But it also highlighted the extent to which opposition sides are now so fearful of Jurgen Klopp’s men, that they are willing to alter their tactical setups and negate their own positives in a desperate attempt to escape a match against them with something approaching a decent result.
As both West Ham and now Palace have found out, that’s an incredibly difficult thing to do.
The Eagles lined up with the same eleven which earned an impressive win at Craven Cottage against Fulham on the opening day, but they chose to change an awful lot about the playing style which had proven so fruitful against Slavisa Jokanovic’s side when confronting the Reds.
Aaron Wan-Bissaka and Patrick van Aanholt, arguably the best pair of full-backs in the Premier League outside of Manchester City’s and Liverpool’s, were amongst the most accomplished performers against Fulham, and often serve as Palace’s most potent attacking threats. Yet here they had no effect of the game in an offensive sense, barely passing the halfway line.
In the middle of park, James McCarthur and Luka Milovojevic, who are typically tasked with picking the ball up in the centre of the pitch, carrying it forward and moving it quickly to the likes of Wilfred Zaha and Andros Townsend, spent most of the match worrying so much about Liverpool’s three midfielders that they hardly left the centre-circle.
Wan-Bissaka and van Aanholt were forced, and most likely directed by their manager, to stay in their own half because Palace were so terrified of the ability of Andy Robertson and Trent Alexander Arnold in the final third.
Normally there are players in a football team who the opposition are happy to leave in control of the ball. They will often to try to funnel possession to them because they aren’t deemed to be a threat. Full-backs are probably the players most associated with this notion.
But not at Liverpool, where every player is now considered a foreboding figure.
All over the pitch, the Reds’ players are creating problems for their counterparts.
Milovojevic and McCarthur were restrained so that they could try to deal with Naby Keita and Gini Wijnaldum’s forward movement. Zaha’s influence was reduced as his pace was less of a threat than usual because of the speed of Virgil van Dijk and Joe Gomez. Palace’s influence from set-pieces was completely nullified by the composure and physicality of van Dijk and Alisson.
This is now a Liverpool eleven in which every single player strikes fear into the opposition. Managers at every club are now looking at the Reds’ line-up and thinking they need a plan to deal with each and every player on it. They are willing to restrict and set aside the positive and ambitious qualities of their own teams, because Liverpool are simply too good to compete with mano-a-mano.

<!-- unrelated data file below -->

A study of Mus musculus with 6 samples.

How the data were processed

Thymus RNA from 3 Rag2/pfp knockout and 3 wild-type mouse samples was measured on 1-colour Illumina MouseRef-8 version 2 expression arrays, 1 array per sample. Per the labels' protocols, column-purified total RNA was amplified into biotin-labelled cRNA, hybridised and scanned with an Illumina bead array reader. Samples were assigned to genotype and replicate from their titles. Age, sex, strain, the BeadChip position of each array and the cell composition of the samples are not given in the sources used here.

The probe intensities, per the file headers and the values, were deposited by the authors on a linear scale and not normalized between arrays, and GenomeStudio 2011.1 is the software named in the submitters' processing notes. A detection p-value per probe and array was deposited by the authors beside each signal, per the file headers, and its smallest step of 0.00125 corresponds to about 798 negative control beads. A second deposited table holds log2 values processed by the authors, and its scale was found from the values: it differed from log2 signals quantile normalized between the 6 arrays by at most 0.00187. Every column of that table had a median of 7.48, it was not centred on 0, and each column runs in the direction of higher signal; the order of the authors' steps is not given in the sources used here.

This sense of fear hasn’t just built-up this season. Last season’s European run, the Reds’ unbeaten home form in the league, and the huge number of goals scored set those wheels in motion. But the addition of an array of excellent players in the summer and two authoritative victories so far this campaign will only amplify it further.
Very few football teams across the planet hold that kind of power and are able to instil such trepidation in opponents. It is a quite remarkable position to be in.
Even the best Liverpool sides of the last three decades, Rafael Benitez’s 08/09 squad and Brendan Rodgers’ team in 13/14, had probably five or six first-team players who necessitated a response from adversaries as soon as they were named on a team-sheet. For Klopp to be able to send out eleven is a huge feat.
It’s a sense of a control which Manchester City have developed under Pep Guardiola. As shown in Huddersfield’s collapse there last weekend, teams now turn up to play Manchester City at the Etihad and just hope to emerge without embarrassment. They don’t try to win the game, they don’t try to accentuate their own positives, they just try to get through it in one piece. Quite often, they fail.
As Liverpool continue to totally dominate more games, earn more clean sheets, and keep teams at arms’ length, the same will happen. Sides will arrive at Anfield and think, “we’ve got no hope here, we just can’t wait for this to be over.” In a season where it might take 100 points to win the title, the Reds need as many clubs as possible to approach things in this way.
Brighton managed to beat Manchester United quite comfortably last weekend by pressing them high up the pitch, preying upon their weaker links and the disunity in their ranks. Liverpool’s immense overall quality and lack of such weak links means the Seagulls will surely not try it again on Saturday.
West Ham have already collapsed at Anfield, while Crystal Palace negated all which is good about themselves at Selhurst Park. If Brighton do the same, the fear with which those outside the Premier League’s top six regard Liverpool could become concrete enough to last for the entire season at least.
If the Reds are to truly challenge for the title, they’ll need it to.